Hong Kong Police Street View

hk_pepper_spray_platform4_krischeng.jpg

Police in Hong Kong have deployed a new mobile pepper spray platform against protestors near Mong Kok.

I start with this image via @krislc, Kris Cheng, because it gives nice context, also the guy is watermarking it with his face? I'm filing that trick away for future use.

At first it looked like it's made out of PVC pipe, but it's surely painted steel. Actually, it looks like a smaller variation of the stairs in Home Depot.


Here is krislcc's Vine of the new platforms in use on her. Galileo calls them castles. They're hand pumped. Like Super Soakers or something. Incredible.

Here's another. What is most striking to me about this one is how the two police officers move together: one with the pepper spray, the other with a video camera. Kris Cheng says the the pepper spray isn't that strong; the effects didn't last more than 45 minutes. But the police will play a long game with those images.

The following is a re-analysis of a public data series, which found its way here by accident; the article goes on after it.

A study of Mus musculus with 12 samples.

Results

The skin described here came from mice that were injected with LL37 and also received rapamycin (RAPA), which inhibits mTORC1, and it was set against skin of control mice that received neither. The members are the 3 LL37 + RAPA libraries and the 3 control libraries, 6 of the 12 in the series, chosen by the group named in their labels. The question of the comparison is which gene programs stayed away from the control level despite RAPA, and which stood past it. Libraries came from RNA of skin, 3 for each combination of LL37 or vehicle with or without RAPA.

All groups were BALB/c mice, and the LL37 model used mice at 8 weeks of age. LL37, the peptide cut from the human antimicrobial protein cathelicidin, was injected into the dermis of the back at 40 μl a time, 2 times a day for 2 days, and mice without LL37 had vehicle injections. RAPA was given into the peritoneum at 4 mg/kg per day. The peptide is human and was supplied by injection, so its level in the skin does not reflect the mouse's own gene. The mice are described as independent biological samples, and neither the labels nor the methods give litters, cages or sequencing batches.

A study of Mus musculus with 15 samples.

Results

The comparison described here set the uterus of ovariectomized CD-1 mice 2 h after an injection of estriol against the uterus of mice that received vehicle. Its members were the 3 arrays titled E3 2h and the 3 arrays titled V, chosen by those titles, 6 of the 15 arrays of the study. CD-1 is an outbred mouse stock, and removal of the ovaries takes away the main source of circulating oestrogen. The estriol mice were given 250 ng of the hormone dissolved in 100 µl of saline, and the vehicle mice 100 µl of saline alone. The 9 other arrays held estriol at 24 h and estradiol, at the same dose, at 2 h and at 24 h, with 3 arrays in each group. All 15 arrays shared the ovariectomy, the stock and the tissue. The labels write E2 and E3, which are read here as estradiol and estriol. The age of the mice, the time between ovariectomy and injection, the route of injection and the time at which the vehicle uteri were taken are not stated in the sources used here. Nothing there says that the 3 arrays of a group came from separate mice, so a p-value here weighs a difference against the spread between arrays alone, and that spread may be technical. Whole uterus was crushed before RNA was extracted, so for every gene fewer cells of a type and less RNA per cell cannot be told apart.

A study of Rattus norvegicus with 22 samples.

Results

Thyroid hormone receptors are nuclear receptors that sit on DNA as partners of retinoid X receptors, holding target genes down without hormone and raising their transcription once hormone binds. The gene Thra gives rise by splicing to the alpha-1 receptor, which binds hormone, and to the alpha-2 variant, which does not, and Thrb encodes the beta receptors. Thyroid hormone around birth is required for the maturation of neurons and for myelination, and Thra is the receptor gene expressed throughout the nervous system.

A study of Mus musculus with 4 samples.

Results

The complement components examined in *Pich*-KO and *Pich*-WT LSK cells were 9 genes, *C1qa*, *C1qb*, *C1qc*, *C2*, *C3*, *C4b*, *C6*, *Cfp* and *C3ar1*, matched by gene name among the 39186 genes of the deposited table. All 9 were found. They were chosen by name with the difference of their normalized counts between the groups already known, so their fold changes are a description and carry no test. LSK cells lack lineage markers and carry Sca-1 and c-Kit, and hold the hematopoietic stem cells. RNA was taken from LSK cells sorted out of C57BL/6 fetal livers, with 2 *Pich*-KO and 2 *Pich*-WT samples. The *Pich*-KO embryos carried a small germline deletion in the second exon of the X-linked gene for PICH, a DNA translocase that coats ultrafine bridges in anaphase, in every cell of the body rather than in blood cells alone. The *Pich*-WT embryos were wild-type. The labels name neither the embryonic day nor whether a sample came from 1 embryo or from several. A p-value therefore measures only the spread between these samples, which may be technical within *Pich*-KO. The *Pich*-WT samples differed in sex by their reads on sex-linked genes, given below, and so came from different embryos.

Speaking of long game, holy smokes. I thought I'd scout out the Mong Kok streetscape on Google Maps, and this is what came up:

mongkok_gmap_201409_njohn.jpg

It was startling to be met by an unblurred face. And the vantage point was so high. But turn around. This is a pano. Or a "Photo Sphere." From September, of the intersection blocked by a sit-in. It's credited to nJohn.


Since 2001 here at greg.org, I've been blogging about the creative process—my own and those of people who interest me. That mostly involves filmmaking, art, writing, research, and the making thereof.

Many thanks to the Creative Capital | Warhol Foundation Arts Writers Program for supporting greg.org that time.